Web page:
Barbie's commitment to diversity and inclusion has come a long way since 1959

Originally published at: Barbie's commitment to diversity and inclusion has come a long way since 1959 | Boing Boing


As a child of the 1970’s, our family didn’t have Barbie in the house, instead my parents got my sister the Happy Family, and Barbie was considered inferior by my sister and our friends due to the stiff knee joints and arms that weren’t as posable. As for me, I had my Six Million Dollar Man (and a villain named Maskatron) to play with, and they were sized just right that we could play together in all sorts of adventures and stories. The inclusiveness was in mixing toys from different lines.

This attitude towards Barbie always stuck with me, even as my own daughter played with Barbie at the turn of the Millennium. She had Barbie more or less by default, since all of the similar dolls had by then disappeared from the market, but I had a feeling she didn’t see Barbie as a role model.

I guess what I’m trying to say is that what I’m missing in talking about diversity and Barbie is that for most of my life, Barbie was never diverse or inclusive, except in the Borg sense of assimilation. When I think of Barbie, I think back to how Barbie’s clothes were almost compatible with Happy Family dolls. And now I’m too old to see Barbie as anything else as a symbol of homogenization, commercial consumption and monopolization.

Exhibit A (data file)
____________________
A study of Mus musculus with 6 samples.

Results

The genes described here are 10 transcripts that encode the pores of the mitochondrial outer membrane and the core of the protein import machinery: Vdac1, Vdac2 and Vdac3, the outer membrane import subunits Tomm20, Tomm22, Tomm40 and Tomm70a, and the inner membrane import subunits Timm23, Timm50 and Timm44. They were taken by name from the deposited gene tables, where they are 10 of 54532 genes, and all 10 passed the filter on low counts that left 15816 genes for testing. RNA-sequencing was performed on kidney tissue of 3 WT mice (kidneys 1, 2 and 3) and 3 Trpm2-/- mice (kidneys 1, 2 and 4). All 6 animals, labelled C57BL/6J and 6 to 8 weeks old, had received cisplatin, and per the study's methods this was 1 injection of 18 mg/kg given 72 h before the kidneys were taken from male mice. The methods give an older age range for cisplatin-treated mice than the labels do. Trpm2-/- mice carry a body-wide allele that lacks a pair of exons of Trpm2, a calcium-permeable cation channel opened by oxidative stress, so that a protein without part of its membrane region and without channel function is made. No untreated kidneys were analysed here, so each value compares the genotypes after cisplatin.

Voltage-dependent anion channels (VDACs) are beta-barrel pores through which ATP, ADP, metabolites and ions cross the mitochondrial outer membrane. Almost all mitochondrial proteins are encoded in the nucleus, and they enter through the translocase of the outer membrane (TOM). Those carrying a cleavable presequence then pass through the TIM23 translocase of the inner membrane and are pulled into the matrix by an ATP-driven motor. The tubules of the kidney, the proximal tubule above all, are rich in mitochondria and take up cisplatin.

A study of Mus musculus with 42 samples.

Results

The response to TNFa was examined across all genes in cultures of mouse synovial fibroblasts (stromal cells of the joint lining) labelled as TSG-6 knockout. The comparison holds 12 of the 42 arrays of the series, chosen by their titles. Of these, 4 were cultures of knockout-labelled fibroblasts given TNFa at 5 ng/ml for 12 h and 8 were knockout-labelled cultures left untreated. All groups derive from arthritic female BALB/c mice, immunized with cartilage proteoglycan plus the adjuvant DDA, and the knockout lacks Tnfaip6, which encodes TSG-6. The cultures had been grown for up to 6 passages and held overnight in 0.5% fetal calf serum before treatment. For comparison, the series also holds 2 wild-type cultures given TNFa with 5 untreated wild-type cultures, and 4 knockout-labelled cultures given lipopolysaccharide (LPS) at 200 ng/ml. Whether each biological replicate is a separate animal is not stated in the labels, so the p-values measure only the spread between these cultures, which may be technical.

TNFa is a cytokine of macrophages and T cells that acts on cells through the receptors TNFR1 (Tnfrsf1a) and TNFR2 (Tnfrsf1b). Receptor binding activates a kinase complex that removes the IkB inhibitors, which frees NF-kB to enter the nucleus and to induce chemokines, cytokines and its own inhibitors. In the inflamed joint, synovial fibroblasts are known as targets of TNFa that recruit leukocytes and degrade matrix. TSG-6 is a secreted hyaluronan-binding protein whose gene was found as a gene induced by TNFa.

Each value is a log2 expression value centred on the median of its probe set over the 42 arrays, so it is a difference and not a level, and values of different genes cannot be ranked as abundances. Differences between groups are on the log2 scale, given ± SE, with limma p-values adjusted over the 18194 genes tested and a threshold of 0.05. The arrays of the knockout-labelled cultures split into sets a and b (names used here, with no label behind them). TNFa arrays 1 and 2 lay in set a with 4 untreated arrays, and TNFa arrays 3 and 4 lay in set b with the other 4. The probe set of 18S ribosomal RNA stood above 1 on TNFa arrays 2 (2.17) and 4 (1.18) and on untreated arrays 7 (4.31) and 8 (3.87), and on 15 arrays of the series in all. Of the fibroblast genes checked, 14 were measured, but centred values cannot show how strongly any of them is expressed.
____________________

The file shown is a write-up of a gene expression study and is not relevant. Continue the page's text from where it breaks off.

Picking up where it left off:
You’re not the target demographic, to whom the diversity actually matters quite a lot:

To little girls, having dolls that actually look like them is important…

Regardless to your own personal opinion.


And yes, I think Mattel is going the right way. Much better than their former competitors, who are too stuck in copying Barbie to have let Mattel eventually move in. I just lament my own mental blocks, keeping me from seeing the good. And the Happy Family? Well, they were from Mattel too. I guess the line just wasn’t successful enough.

I cannot see what is important, and I know that. After all, I was never the target. But even if I cannot see, I will still stumble forward in the hopes that those who can see will still guide me.


The following paragraphs perfectly describe what Barbie has meant to me.

Queer people who, either as adults or children, identify with this feminine power that Barbie embodies are often drawn to it. Some of us as children were able to openly embrace Barbie, while others were denied the doll by adults or peers because it was deemed “girly.” It felt like you were born to play with Barbie, or you weren’t. To the latter, Barbie represented a denied world of femme aesthetics that carried on into adulthood.

Barbie allows us to dream of an illusory femininity. For many, Barbie opened a world of possibility where the femme could be cultivated.


Since the 1980s, Mattel has worked to make its Barbie collection more diverse and inclusive.

Ah. That’s why conservatives hate Barbie now. Got it.



They’ve definitely made some strides in the right direction but even their new “curvy” body type isn’t really representative of the average woman according to this analysis by the BBC:

Then again, dolls scaled up to human sizes have all kinds of other issues with proportions (like freakishly large eyes) so you can’t take it too seriously.